There are lots of reasons for denying an offer for a TT position. Perhaps the position is not the best fit. Sometimes, the timeline is not conducive to exploring other options, and while you would like to consider it, you can't commit currently. For those out there trying to do so delicately without burning bridges, every word might count. Please share your communications.
Date: 28 Jan 2015 23:27
Number of posts: 6
"Do you remember that time back in November, when we were strolling through the library, so excited that we had finally met each other? You looked at me carefully, cautiously; and I was wary too, but could feel my heart beating and my voice quivering. Do you remember what I said to you then? I said, 'I've never seen such beauty in a library'. How you blushed! And then we sat under the shade of that Maple tree on the quad, and we laughed at those kids playing hacky-sack, remembering how it seemed just like yesterday that we were those scruffy students. Later that afternoon you led into your great hallway, walking slowly beside me with your quick side glances, silently betraying what I desperately wanted to hear and what you desperately wanted to say.
But you knew that things might not work out between us. I didn't hide that fact from you, and neither did you from me. I knew about your other suitors - no, you never stated it, and I never knew who they were. But I knew that they had been there before me. I knew that they were as 'good' as me - despite what you told me that day. And yes, you knew that I had a history, that my soul was troubled and my mind unsure. You said that you loved my sense of adventure, of my quest for endless possibility … but there is a cost to such a spirit.
Perhaps I should have told you then about my misgivings. Perhaps. It all happened so quickly, and I was so exhausted from the plane trips, the fabulous dinners (and yes, I knew how much that dinner meant to you!), the conversations that we had that extended so long into the night that I would later collapse on my hotel bed, my feverish head filled with dreams of our future happiness.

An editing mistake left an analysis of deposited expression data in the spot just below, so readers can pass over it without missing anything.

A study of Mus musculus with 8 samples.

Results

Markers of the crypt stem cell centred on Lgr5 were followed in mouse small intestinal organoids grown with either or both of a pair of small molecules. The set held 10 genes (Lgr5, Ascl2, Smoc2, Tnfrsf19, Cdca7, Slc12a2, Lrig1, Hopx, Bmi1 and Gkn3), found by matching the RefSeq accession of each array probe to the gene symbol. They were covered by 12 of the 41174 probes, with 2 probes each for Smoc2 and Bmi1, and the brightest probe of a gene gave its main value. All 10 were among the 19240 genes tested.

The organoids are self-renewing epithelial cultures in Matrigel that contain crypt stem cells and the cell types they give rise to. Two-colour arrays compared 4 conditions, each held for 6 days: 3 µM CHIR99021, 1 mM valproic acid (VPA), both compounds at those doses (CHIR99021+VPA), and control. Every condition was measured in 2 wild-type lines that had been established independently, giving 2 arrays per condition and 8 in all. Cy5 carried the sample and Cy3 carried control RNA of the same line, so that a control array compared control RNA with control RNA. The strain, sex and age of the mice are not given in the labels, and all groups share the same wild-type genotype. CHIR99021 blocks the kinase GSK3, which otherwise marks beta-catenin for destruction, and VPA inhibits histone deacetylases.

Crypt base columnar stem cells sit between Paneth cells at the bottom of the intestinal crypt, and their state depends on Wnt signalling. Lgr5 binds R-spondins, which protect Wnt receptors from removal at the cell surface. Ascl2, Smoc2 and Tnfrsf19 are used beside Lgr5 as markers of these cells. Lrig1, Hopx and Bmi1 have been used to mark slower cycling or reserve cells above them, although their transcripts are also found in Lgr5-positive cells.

But in the morning, my heart wavered. And every morning after that, my doubts grew.
And then Yale called.
I'm so sorry, my love."
Love it, Anton!!
And I like this thread too, because I have declined two TT offers already and feel stupid for doing so….because what if I don't get another one?? I just didn't think I'd be happy at those places and would honestly prefer to do a postdoc over work there.
My email was something like: "Thank you for extending an offer for your tenure track position in XX. I really appreciated your hospitality and loved XYZ about your department/school. I especially enjoyed sharing insights at dinner with faculty members (or something else about the visit). After very careful consideration of the offer, I have made the difficult decision to decline the offer due to location of the school/other offers/lack of fit/other reason. I wish you all the best for your department and hope that your faculty search is successful."
I know this isn't what you asked for but the thread above reminded me of it:
"The Ultimate Rejection Letter"
Herbert A. Millington
Chair - Search Committee
412A Clarkson Hall, Whitson University
College Hill, MA 34109
Dear Professor Millington,
Thank you for your letter of March 16. After careful consideration, I
regret to inform you that I am unable to accept your refusal to offer me
an assistant professor position in your department.
This year I have been particularly fortunate in receiving an unusually
large number of rejection letters. With such a varied and promising field
of candidates, it is impossible for me to accept all refusals.
Despite Whitson's outstanding qualifications and previous experience in
rejecting applicants, I find that your rejection does not meet my needs at
this time. Therefore, I will assume the position of assistant professor
in your department this August. I look forward to seeing you then.
Best of luck in rejecting future applicants.
Chris L. Jensen
These posts are hilarious. Definitely adding so much humor to the miserable process that is a tenure-track job search. That is all.